International Musicians Flock to Texas Music Festivali
X
March 17, 2013 4:13 PM
The annual South by Southwest Festival wrapped up in Austin, Texas, today. Its music portions has become a showcase for musicians from all over the United States and the world. VOA's Greg Flakus has more.

International Musicians Flock to Texas Music Festival

Greg Flakus
The annual South by Southwest Festival wrapped up in Austin, Texas, today. Its music portion has become a showcase for musicians from all over the United States and the world.
 
Playing on Austin's club-lined Sixth Street, the British folk group Skinny Lister charms the crowd.
 
It cost them a lot of money to come here two years in a row but group guitarist Daniel says it is worth it.
 
“Last year we came and we managed to pick up our American record label from a guy who saw us in a pub we played in just down on Sixth Street here.”
 
During South by Southwest you can hear American music as well as music from Europe, Africa and Asia.
 
Nearly half of the 800 bands playing here night and day during the festival are from other countries.

K-Pop fever
 
One of the biggest draws this year was the K-Pop show, where fans lined up to hear 11 Korean groups perform, among them a hard rock group called Galaxy Express.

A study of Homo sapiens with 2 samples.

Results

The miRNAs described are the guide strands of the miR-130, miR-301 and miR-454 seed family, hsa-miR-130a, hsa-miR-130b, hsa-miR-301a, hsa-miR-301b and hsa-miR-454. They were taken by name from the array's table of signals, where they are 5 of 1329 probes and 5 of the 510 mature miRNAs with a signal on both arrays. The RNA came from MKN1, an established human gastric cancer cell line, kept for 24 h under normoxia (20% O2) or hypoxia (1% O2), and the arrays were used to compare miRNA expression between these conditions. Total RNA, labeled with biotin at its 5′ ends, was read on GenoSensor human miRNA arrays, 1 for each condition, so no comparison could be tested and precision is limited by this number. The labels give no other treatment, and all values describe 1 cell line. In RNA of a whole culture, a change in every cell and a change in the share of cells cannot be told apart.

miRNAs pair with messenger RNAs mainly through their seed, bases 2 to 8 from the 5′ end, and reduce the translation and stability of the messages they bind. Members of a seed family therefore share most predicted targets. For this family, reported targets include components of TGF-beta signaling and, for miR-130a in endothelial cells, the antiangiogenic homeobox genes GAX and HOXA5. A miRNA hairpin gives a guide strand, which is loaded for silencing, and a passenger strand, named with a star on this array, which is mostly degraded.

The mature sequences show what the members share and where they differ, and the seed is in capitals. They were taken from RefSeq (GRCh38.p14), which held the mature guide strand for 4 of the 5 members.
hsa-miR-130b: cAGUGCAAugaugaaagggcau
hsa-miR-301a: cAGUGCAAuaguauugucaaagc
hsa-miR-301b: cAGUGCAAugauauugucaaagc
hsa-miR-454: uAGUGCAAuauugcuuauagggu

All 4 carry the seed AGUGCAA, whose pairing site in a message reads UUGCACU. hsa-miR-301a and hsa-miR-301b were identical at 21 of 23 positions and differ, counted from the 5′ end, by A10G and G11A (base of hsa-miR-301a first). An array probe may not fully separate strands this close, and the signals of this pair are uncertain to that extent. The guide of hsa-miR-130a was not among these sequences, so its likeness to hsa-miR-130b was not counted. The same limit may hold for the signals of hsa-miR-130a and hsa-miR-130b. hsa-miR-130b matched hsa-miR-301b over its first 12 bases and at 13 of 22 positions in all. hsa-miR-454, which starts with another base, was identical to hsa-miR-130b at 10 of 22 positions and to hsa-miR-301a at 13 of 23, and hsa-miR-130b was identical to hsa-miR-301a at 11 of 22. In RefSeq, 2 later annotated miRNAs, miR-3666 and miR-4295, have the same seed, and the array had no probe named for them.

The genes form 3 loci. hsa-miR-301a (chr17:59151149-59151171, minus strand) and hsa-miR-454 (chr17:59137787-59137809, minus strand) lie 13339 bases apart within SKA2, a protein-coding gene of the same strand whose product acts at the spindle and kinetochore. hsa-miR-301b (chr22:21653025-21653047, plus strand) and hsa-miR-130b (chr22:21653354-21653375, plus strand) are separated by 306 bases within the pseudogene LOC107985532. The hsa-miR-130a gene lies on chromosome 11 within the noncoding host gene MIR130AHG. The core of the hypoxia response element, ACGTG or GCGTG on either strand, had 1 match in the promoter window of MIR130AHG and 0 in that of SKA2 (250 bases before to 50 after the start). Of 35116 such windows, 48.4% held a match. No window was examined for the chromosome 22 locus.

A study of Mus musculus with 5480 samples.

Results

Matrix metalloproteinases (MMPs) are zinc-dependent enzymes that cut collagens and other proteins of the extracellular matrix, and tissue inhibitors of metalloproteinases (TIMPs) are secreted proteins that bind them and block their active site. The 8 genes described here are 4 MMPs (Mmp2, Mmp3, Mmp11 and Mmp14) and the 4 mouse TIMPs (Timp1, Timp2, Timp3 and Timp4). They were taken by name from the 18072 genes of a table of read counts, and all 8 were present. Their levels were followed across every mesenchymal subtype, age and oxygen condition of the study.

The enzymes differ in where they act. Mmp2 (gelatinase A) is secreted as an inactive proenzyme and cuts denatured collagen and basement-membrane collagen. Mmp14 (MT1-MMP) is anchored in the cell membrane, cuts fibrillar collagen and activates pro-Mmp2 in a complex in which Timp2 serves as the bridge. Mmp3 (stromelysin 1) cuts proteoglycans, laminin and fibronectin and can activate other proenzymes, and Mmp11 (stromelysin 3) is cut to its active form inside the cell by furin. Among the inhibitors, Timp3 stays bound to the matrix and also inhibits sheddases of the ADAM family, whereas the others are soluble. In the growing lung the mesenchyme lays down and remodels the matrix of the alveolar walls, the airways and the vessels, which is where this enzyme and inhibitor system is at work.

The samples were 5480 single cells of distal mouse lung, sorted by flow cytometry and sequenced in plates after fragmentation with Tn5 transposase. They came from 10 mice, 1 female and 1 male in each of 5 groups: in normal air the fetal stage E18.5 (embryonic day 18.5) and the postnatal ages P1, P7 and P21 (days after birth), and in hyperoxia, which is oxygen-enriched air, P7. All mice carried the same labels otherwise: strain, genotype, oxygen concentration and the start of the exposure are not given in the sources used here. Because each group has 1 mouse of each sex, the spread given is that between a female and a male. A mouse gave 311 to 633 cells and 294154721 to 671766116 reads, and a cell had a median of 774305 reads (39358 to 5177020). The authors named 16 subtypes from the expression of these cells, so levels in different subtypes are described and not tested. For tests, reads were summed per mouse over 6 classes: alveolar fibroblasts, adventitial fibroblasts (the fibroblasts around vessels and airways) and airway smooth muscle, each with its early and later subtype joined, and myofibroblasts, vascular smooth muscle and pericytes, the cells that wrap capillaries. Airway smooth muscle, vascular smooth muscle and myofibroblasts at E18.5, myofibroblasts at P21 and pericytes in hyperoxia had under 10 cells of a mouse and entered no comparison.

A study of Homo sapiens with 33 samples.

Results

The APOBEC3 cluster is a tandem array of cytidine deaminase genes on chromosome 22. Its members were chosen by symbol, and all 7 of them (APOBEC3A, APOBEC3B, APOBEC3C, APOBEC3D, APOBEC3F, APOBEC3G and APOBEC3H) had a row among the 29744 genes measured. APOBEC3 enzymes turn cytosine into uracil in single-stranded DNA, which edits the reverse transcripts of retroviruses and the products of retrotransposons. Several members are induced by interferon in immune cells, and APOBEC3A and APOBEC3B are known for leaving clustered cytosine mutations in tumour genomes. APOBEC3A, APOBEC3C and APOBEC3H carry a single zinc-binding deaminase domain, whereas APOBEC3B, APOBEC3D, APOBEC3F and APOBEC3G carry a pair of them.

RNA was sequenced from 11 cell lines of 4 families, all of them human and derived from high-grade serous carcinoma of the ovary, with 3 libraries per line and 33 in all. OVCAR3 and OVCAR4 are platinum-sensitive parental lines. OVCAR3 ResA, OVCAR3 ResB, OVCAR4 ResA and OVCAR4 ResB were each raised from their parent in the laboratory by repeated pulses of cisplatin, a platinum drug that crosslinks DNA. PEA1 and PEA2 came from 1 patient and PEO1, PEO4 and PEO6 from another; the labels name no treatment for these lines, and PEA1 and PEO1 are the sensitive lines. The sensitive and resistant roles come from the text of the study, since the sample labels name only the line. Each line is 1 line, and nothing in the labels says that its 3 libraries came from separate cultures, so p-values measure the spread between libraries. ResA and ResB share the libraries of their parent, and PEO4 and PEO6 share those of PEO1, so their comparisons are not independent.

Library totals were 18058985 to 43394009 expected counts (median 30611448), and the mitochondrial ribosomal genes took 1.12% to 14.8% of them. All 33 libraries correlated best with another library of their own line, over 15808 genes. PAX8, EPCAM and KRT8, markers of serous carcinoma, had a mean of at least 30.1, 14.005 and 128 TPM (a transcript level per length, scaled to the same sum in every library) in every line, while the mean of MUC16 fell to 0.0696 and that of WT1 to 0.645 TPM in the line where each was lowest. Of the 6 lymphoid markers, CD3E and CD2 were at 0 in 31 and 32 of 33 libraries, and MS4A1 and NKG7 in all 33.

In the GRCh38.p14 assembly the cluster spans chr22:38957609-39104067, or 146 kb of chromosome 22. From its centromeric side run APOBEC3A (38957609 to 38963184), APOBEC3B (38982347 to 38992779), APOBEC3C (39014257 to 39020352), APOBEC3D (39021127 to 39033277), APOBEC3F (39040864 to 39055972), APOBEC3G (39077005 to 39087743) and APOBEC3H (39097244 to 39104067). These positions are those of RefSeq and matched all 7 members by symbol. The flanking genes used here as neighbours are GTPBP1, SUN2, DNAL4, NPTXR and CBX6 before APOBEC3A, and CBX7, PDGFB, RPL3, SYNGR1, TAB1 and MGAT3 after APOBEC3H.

Galaxy Express guitarist and singer Park Jonghyun says the music has universal appeal.
 
“People always love rock and roll, it is so wild and [we have] leather jackets, you know.”
 
He says they enjoy the diversity of fans they encounter at South by Southwest, especially talking to and making friends with people from other countries.
 
David and Alex, friends from Houston, are among their big fans. David says that he listens only to Korean music, while Alex adds that he used to listen to it while living in China where, he says, it really infiltrated the local market.
 
K-Pop fans around the world have discovered Korean groups by watching their videos on YouTube and other online sites.
 
Last year, the “Gangnam Style” video by South Korea's PSY became YouTube's most-watched video ever.
 
The CEO of Billboard Magazine-Korea, Clayton Jin, says the South Korean music industry is geared toward export.
 
“It produces between 50 and 60 new artists every single year. Not all of them get accepted, but K-Pop is getting more and more acceptance outside of Korea and when the Korean manager companies design groups, they make groups, they design them for the international market, not just for Korea.”
 
Some of the Korean groups as well as groups from other countries playing that played at South by Southwest will go on to perform at other venues in the United States before heading home.